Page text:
When someone asks Olena, 28, to tell about her life, she smiles and jokingly replies “It’s a long story,”
And not an easy one. Born in Kharkiv (Ukraine) with Phocomelia, a condition that involves arm and leg malformations, Olena was abandoned by her parents when she was just two days old. Soon after, she was sent to a local orphanage, where she lived for seven years. Lena doesn’t like to look back at those first years of her life.
"It's a scary story. One that I rather not think about," remembers Olena. "There was no love in the orphanage. They only provide for your basic needs, a bed, clothes, food…"
While living in the orphanage, Lena discovered what she wanted to be when she grew up: a scriptwriter. The inspiration? Old Russian and Ukrainian soap operas that Lena and the other children would watch over and over as a way to find relief and escape from their real life.
“You see, when you live in an orphanage, people keep telling you that the world outside is dangerous. Children become afraid of everything,” remembers Olena. “I needed to create my own imaginary world and put it out there, so I began to write.”
When she was seven years old, Lena moved to a boarding school for children with disabilities. There, she had two encounters that changed her life. At 13, she met a director who founded a theater company to work with marginalized children and young adults living on the street or in boarding schools like Olena.
"He was the first person who taught me about love. He had a dream that I would have a home, where I could live freely," remembers Olena, who cried for days when the theater director died of cancer. "It was one of the most difficult moments of my life."
If losing a friend and mentor was not enough, Lena also struggled to find a place to live after leaving the boarding school. Young people who age out of the system are generally left to fend for themselves and many simply can’t make a healthy transition to independent living. To assist young adults with disabilities like Lena, in 2013 AVSI ran a fundraising campaign on behalf of Emmaus, a long-term partner in Ukraine. With these funds Emmaus was able to buy and adapt an apartment to host up to five young women with disabilities.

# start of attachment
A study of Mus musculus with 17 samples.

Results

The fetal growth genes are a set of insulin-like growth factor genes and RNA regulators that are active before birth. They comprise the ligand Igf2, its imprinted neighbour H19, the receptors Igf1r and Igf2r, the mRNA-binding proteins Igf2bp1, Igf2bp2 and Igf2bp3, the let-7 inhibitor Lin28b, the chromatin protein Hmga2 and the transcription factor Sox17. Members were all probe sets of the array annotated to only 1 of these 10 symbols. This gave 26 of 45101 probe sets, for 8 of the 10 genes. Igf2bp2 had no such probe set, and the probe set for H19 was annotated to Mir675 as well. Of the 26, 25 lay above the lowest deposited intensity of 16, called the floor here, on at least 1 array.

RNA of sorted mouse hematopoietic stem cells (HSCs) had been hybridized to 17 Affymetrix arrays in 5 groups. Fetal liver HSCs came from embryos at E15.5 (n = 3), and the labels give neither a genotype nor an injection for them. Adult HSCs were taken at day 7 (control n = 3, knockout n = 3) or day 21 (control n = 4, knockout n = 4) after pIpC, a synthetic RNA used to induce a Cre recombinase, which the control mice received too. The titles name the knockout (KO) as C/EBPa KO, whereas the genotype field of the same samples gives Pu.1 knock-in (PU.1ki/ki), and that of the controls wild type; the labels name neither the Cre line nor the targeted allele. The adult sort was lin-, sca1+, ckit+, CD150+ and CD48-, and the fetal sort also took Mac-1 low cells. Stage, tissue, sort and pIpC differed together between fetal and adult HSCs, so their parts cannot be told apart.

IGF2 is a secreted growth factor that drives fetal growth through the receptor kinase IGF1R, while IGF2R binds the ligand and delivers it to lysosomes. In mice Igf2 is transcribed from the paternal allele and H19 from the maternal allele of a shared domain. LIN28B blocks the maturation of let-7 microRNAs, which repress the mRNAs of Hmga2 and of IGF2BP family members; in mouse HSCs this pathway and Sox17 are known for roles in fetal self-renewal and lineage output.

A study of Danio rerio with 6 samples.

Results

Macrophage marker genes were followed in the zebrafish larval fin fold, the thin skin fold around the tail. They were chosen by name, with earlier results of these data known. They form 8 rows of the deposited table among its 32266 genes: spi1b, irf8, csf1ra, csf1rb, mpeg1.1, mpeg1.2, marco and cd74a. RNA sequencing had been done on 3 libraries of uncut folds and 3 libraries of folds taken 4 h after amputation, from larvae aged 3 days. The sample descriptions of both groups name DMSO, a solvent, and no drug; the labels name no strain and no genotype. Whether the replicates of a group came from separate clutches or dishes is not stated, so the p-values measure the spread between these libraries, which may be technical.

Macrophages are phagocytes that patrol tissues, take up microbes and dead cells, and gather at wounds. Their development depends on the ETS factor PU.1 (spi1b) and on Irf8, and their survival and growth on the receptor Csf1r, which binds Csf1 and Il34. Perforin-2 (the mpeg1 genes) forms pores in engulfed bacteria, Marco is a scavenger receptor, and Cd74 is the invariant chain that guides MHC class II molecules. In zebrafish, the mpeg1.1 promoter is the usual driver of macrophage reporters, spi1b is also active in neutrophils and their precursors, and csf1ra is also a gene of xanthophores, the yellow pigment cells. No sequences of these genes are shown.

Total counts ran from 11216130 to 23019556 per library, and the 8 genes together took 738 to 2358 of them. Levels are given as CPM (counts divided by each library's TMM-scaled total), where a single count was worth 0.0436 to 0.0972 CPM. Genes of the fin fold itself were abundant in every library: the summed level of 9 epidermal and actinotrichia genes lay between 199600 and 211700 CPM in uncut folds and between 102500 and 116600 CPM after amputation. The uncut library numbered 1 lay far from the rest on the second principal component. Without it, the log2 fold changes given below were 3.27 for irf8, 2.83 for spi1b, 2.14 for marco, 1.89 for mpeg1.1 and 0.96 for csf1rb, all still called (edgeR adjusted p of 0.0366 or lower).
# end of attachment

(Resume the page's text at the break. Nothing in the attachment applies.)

“I met Emmaus when I was at the boarding school. It was normal to meet volunteers. They would come once, bring boxes of chocolate and then disappear,” jokes Lena. “Emmaus volunteers were different. They kept coming and helped me study to pass the exams and go to college. It was the second encounter I had while at boarding school that changed my life.”
Through the years, Lena’s relationship with Emmaus got stronger. After graduating in Cultural Studies, she began working with the NGO doing what the volunteers had done for her: going to a girls’ boarding school to prepare students with disabilities and war orphans for university entrance exams.
The trip to the orphanage tested Olena’s resilience. Using public transportation meant an arduous journey, especially for someone with disabilities. It could take up to three hours each way, and entailed changing trains and climbing stairs. “Because of my legs, it is very painful for me to walk or take public transport,” says Lena.
But these exhausting trips are about to end. Thanks to a project funded by the Loyola Foundation and implemented by AVSI-USA and Emmaus, Olena will have a car at her disposal. First, however, she needs to make another dream come true: learning to drive. Since there are no driving schools in Kharkiv that accept people with her condition, she will have to move to another city (Lviv, Ukraine) for three months to take lessons and obtain a driver’s license.
“With a car, the trip to the boarding school will take only 45 minutes,” celebrates Olena, who by now is used to the challenges faced by people with special needs in her country.
She even wrote a book about it which she dreams of publishing soon called, “Vulnerability as an Opportunity for Good.”
"When people look at a person like me, they can only see weakness and disadvantage. But vulnerability is actually good; it's a strength like I say in my book, it's an opportunity to do good."
Emmaus is a Ukrainian Non-Government Organization founded in 2011 by volunteers working with orphans and differently able teens, providing occupational guidance and educational support. Thanks to AVSI’s Christmas appeal, Emmaus opened its first transitional living center for young adults called The Flying House. The center functions as a platform for general education classes, career guidance, occupational training, and cultural activities for young people with disabilities, orphans and families who have been displaced by war.